Sunday, July 17, 2011

Front Yard Gardens

Clothesline, twine, and tent pegs
Bamboo and twine
My big one right now is actually in the back yard, but wanted to also show a couple of other yards on my street, each with its own, unique system of lattice work for vines. Mine, as you can see, is a makeshift job of clothesline, with twine anchored down with tent pegs. I'm actually quite proud of myself for coming up with that! The second yard is up the street a few houses, and the neighbors rigged up a pretty cool-looking network of bamboo poles and twine.  Beautiful sunflowers!  The last one is our neighbor Mark's garden, and he has the most unique set up I've ever seen.  For the past two years he's used these Rubber Maid bins that are self-contained growing spots for at least a spring and summer garden (I believe he lets them winter over, covered with plastic sheeting.  I had been telling friends about this set up and said that he had started with one and now had four, but looking at the picture I realized he is now up to six!  And he's growing corn!!  I don't want to be a hater so will merely channel the frustration and envy of those who have unsuccessfully tried to grow corn in their garden plots -- KHAAAAAAAANNNNNNN!!!111!!!!!

CORN!
The thing I love about Mark's lattice work is that he is totally a dude and went with PVC pipe; I really shouldn't be so sexist!  Even if he wasn't a dude, it makes perfect sense to build a frame of PVC pipe to hold up your tomatoes and squash (I think it was actually a cantaloupe I saw a ways back), because you can just disassemble it at the end of the season and let the pipes and joiners rest neatly in your shed until next year.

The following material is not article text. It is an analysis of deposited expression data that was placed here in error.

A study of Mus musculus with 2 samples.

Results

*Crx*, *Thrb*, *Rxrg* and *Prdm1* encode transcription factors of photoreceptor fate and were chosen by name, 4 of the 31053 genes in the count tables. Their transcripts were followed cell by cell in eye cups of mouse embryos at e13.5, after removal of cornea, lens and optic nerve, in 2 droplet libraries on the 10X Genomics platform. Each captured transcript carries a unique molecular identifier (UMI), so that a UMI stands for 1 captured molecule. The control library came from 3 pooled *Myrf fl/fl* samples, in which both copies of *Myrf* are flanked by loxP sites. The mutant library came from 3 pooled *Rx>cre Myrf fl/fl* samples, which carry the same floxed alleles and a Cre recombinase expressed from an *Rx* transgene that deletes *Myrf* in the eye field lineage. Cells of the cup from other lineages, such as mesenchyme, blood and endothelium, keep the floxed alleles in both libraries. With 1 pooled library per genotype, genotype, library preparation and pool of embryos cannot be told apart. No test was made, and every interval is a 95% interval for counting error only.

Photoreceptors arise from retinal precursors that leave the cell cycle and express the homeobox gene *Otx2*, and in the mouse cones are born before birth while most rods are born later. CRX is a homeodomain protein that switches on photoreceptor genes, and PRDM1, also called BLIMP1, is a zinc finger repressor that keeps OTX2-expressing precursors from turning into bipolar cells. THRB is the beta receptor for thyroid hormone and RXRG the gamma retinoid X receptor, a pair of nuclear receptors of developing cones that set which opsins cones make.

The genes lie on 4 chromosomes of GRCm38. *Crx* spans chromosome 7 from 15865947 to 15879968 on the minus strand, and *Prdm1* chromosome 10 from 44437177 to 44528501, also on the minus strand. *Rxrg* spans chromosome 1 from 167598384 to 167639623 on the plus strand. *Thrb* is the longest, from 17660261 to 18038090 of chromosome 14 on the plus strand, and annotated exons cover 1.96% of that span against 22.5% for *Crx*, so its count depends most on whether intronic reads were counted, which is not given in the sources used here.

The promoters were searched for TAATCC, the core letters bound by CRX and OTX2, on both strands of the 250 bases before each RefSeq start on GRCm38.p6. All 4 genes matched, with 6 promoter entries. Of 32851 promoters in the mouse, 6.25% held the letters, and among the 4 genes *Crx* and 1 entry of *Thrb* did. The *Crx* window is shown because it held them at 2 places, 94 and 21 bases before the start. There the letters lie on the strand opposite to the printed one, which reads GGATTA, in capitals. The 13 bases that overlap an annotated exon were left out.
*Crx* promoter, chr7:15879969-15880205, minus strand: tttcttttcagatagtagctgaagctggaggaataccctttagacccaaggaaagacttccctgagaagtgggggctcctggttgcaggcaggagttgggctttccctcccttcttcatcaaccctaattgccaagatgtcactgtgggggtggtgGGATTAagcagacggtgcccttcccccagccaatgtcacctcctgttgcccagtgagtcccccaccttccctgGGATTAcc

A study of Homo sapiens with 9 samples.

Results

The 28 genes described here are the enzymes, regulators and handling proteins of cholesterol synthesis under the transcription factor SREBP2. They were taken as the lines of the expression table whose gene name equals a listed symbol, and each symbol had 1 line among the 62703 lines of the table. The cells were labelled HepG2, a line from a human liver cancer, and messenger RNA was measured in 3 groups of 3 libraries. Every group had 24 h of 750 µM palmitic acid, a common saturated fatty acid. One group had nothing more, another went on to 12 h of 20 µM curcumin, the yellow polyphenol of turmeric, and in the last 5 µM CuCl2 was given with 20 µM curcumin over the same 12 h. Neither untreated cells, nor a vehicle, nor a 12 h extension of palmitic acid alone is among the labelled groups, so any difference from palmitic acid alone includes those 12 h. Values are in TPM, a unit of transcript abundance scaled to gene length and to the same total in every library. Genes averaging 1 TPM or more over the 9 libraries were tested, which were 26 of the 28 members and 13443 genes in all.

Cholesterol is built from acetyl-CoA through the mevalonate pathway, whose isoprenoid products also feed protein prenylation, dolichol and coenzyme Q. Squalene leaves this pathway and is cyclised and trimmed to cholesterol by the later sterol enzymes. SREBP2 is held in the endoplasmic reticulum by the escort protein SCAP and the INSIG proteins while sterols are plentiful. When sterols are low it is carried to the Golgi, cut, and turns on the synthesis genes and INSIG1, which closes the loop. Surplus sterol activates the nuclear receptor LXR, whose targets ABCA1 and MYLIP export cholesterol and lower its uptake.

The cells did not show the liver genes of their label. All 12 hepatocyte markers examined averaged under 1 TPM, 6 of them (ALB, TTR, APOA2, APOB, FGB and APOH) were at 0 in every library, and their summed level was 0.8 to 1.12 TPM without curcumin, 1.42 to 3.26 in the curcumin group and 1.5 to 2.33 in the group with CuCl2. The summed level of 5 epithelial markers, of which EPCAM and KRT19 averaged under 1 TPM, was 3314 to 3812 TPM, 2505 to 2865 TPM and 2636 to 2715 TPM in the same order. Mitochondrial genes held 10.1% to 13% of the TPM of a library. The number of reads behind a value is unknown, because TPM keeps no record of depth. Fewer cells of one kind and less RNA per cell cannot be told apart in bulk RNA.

Native American cucumber
Here's a couple of updated photos of the backyard garden; The vines are crawling up the twine very nicely as you can see.  The vine in front is a vegetable plant Hollie from Morningside Nature Center gave me in the Spring; it sprouted one vegetable, and from the photo it looks like a yellow squash, but not so!  I finally decided to bring it inside and slice it to find out what it was (I thought Hollie had said it was a watermelon) and while it looked like a squash on the outside it was more cucumber-looking on the inside, and had a nice, tart flavor - if I hadn't eaten it raw right then and there it might have made a nice accompanyment to some pickled vegetables.  Spoke with Hollie later and she said it must have been one of the Native American cucumber types she had sprouted.  Cool!  I saved the seeds so maybe next year I can get some more of these.  It's still going strong, though, and actually put out another blossom yesterday - maybe we'll get another cucumber for pickling!

The other vines are loofah sprouts I got from Farmer John's table at Ward's; the bean plants are also from Farmer John's but I can't for the life of me remember what they are, except some kind of bean plant.  They could be edible or ornamental, so will have to wait and see.